Lighthouse Event Center to present ‘Doubt’

Published 9:43 am Thursday, July 16, 2009

The Lighthouse Event Center will present the area premiere of John Patrick Shanley’s award-winning drama, “Doubt,” this weekend.

The winner of the Tony Award for Best Play and Pulitzer Prize for Drama, “Doubt” tells the story of a Bronx Catholic school in turmoil during the fall of 1964.

Sister Aloysius (Lisa Sturtz) is an old-school nun who insists that the young and popular Father Flynn (Al Blumenshein) is having an inappropriate relationship with Donald Muller, the school’s first black student. Armed with nothing more than a belief in her superstition and a few circumstantial details, she begins a relentless campaign to remove the priest, enlisting the help of a subordinate nun (Annmarie Caporale) and the child’s tormented mother (Andie Lewis).


When: “Doubt” will be presented at 7:30 p.m. Thursday, Friday and Saturday and at 2 p.m. Sunday.

Where: The Lighthouse Event Center is located at 638 Marshall St. in Albert Lea.

How much: Tickets are $12 in advance and $15 at the door. Advance tickets are available at Tone Music in Albert Lea.

Handeland said the Lighthouse is one of the first theaters around to present this play. “Nobody’s done it for community theater around here,” he said. “There’s a community theater around the Twin Cities holding auditions now and Rochester is doing it next spring.”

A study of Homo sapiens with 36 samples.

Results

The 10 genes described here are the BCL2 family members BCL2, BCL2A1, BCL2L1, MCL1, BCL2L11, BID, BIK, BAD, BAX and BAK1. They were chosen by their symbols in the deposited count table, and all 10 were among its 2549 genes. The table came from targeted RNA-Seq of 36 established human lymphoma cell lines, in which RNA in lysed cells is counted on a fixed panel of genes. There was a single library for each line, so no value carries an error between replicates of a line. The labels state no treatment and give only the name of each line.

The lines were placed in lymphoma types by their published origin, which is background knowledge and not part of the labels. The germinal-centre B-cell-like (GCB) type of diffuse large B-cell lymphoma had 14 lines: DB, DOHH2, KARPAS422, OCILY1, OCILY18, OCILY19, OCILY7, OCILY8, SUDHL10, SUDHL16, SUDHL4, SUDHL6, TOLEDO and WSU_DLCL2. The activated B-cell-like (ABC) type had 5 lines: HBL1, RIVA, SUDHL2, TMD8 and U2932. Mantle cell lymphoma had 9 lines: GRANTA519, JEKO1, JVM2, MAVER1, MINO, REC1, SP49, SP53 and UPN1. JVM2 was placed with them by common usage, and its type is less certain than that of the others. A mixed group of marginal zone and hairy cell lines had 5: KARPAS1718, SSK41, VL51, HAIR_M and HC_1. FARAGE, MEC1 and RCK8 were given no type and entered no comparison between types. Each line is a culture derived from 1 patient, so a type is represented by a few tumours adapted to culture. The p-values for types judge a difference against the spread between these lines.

The play was recently a movie, featuring Meryl Streep.

Handeland said Blumenshein and Sturtz initially showed some interest in the play. “It’s a drama, and most of the shows we do here (at the Lighthouse) are comedies or small musicals,” the director said.

But because the play has only four characters, it’s a good production for the small church converted into a theater and concert venue. In fact, it’s that intimacy that keeps Sturtz coming back to do shows there, time after time.

“It’s been fun,” she said.

The play lends itself well to what the stage area has to offer.

“We can’t look at shows that are too tough, set-wise,” Handeland said. He and Lighthouse co-owner Merle Krause have been working on the set, which includes an office, garden and area where Father Flynn gives his sermons.

Tony Segura is the stage manager for the show.

This is Lewis’ first play in Albert Lea. She’s previously worked with Handeland as a stage manager in a number of shows in Austin, and was part of Summerset Theatre’s “South Pacific” cast last summer.

As Mrs. Muller, she’s not willing to believe her son has been molested.

“She’s not willing to go there,” Lewis said of her character. “Worse things have happened. She just wants him to finish at this school so he can go on to a better high school.”

Sturtz said she enjoys playing a character with such firm convictions. “She comes off harsh, but she has the best interest of the child at heart,” she said.

Caporale, who is planning to study theater at Augsburg College in Minneapolis this fall, said she was interested in the show because it was at the Lighthouse and she has traditionally been a part of plays with larger casts.

She describes her character, Sister James, as an innocent with sunshine in her heart. “She allows herself to be molded by other people,” she said. “But she always tries to think the best of people.”

Blumenshein said he has his own ideas about his character’s guilt or innocence. The challenge, he said, is to keep that in check so he doesn’t influence the audience.

Handeland said the play runs about 90 minutes. There will be no intermission. The subject matter is for those ages 13 years and older.